Like Killer Clans, Magic Blade is a perfect blend of Gu Long story and Yuen Chor directing. It is gritty wuxia in that the ruthlessness of the characters and their passions are on full display on screen, it is fantastic wuxia in its swordplay choreography and use of elaborate weaponry.
The story is fairly simple, two swordsman, Yen Nan Fei and Fu Hung Hsueh, meet during a festival to have a duel. In their previous duel a year earlier, Fu Hung Hsueh had been the victor so they are meeting for an appointed rematch. As they trade sword strikes, assassins leap in and try to kill Yen Nan Fei. This unites the men against a common threat, Master Yu who wants to rule the martial world. First he intends to kill the two swordsman who could stand in his way (Yen and Fu), then he wants to possess a mighty weapon called the Peacock Dart. This thrusts the swordsman on an adventure where they must elude Yu's assassins and obtain the Peacock Dart before he can get his hands on it. Along the way they meet Chiu Yu Cheng, the daughter of the Peacock Dart's protector and the three brave their way to Master Yu's manor. I don't want to give too much way away but the movie culminates in a wonderful final confrontation with fun twists and surprises along the way. The film itself is dark, moody but endlessly inventive with its antagonists and ambushes.
|Ti Lung as Fu Hung Hsueh|
|Devil Grandma taste's Fu Hung Hsueh's|
blood and steals the show
|Yen Nan Fei (left)|
Fu Hung Hseuh (right)
But the Peacock Dart is just one among many weapons here. Weaponry has the ornamentation of costume here. Yen's sword is gilded and fitted with an unusual basket hilt, while Fu uses an elaborate spinning sword that allows for some truly spectacular choreography.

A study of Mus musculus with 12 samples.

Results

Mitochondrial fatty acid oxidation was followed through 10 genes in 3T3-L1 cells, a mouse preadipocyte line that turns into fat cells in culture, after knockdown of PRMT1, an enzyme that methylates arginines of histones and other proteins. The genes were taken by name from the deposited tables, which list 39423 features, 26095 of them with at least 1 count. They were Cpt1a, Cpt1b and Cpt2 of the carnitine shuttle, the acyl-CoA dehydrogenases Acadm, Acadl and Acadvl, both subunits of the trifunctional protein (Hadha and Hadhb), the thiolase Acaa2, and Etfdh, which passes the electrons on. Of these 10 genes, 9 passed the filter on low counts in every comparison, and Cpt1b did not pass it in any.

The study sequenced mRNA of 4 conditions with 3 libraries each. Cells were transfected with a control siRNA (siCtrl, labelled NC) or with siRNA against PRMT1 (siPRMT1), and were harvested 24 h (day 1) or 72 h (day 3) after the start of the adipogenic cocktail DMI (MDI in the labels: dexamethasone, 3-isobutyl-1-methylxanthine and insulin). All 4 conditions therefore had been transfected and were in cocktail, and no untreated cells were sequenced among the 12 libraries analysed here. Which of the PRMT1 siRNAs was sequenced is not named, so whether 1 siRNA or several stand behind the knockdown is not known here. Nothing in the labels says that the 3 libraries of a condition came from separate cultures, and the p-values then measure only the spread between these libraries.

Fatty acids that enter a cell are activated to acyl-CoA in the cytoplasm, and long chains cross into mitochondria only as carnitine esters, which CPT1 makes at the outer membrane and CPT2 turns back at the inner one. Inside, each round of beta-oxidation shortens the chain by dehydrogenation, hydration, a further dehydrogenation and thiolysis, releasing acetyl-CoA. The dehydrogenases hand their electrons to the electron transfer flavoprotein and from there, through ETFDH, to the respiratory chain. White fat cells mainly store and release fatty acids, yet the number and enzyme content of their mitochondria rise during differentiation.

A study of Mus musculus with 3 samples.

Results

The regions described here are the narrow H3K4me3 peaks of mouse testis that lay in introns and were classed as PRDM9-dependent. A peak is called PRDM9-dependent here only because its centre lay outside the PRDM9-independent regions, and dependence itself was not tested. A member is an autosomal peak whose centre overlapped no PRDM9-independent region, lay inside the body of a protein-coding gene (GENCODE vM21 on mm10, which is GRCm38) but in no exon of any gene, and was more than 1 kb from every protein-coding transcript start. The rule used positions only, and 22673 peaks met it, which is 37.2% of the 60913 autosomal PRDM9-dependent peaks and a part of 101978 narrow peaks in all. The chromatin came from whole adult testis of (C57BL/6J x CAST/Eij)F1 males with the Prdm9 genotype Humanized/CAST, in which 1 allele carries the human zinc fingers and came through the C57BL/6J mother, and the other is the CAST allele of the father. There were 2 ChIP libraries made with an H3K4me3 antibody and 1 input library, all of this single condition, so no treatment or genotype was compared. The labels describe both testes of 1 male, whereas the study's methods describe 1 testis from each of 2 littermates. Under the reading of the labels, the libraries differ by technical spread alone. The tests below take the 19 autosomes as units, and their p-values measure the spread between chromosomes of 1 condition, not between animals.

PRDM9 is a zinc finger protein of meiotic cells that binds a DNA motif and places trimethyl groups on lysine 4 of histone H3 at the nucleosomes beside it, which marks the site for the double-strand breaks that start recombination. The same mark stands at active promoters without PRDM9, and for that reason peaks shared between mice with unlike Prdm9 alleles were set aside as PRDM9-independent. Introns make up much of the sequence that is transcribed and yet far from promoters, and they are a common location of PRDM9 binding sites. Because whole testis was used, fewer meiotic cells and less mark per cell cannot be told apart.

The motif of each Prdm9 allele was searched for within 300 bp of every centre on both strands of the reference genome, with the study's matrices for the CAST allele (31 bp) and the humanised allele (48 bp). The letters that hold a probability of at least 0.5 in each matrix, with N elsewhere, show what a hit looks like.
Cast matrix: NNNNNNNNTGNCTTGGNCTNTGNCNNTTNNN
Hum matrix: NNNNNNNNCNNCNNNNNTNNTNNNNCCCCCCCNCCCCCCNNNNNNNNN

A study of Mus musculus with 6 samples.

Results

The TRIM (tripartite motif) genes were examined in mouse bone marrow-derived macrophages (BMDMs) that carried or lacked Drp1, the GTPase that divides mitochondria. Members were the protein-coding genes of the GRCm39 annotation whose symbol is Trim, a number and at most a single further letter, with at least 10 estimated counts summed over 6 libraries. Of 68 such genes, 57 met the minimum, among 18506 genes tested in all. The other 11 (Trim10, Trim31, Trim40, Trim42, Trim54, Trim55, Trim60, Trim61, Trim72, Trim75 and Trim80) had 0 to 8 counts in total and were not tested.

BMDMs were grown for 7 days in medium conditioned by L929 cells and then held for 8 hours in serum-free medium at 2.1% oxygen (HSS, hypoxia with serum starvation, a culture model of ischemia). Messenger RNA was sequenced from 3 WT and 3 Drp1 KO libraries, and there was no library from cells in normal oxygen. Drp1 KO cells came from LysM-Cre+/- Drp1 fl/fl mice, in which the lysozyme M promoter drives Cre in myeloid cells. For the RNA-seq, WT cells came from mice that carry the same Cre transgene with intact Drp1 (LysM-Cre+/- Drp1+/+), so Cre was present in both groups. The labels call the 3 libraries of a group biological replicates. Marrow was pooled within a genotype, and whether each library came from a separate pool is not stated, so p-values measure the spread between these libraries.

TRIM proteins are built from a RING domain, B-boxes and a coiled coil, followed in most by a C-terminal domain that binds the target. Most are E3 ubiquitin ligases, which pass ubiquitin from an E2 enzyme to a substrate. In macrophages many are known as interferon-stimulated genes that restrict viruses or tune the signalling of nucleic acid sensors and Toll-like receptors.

|Fu Hung Hsueh and Chiu Yu Cheng (Ching Li)|
But the fighting here is more than just swordplay. The scenes are engaging not only for the grace of movement and choreography but because they each present their own unique, chess-like, challenges. At one point there is a literal chess board incorporated into the battle. These set-ups work wonderfully because they also give the characters opportunities to exchange dialogue. Given the plethora of colorful foes, it all comes together well as a result.
Magic Blade is a lot like Killer Clans and movies like it in that its focus is the dark underbelly of the martial world. The hero, Fu Hung Hsueh is good-hearted but perhaps weary of the bloodshed (or at least not attached to the pleasures of the world the way the other characters are). It certainly has its share of carnage and nudity (though not as much of the later as one finds in Killer Clans). But it is a touch sentimental in its approach (and I don't mean this as a criticism). There is one scene in particular, where Fu Hung meets a woman who hasn't eaten for three days and offers to sleep with him if he buys her a bowl of noodles. The whole exchange sort of shifts the focus from the martial world to the he real one, in a very interesting way. And we find that it is a world with just as much pathos and beauty as the martial one.
|Master Chiu and his daughter|
Chiu Yu Cheng
Sometimes the wuxia films can load too many characters into a 2-hour film. This is especially a challenge if you are not acquainted with the source material. But Magic Blade manages to brim with characters from the very start and not overwhelm the viewer. I think part of this is because it does a good job establishing who each character is (even listing some of them clearly in the dialogue). Really though, I think the reason it works is because the characters are all so memorable and all contribute to the flow of the movie in their own way (and the important ones usually back again and again).
|Moon Heart (Tanny Ni Tien)|
From a gaming point of view, this is pure gold. You should be able to get five adventures and countless encounters (not to mention NPC ideas) from this. I didn't really get into them in my review much but it also has lots of inspiring locations (temples, villas, fortresses and inns).
*I have been very inconsistent with ordering of surnames on this blog, using this ordering as it has appeared this way in previous reviews on this blog page. Similarly the other names are simply in the order I most naturally lean toward. If you research these names online, surnames sometimes appear before personal names and vice versa. For example, Lo Lieh, is sometimes written as Lieh Lo.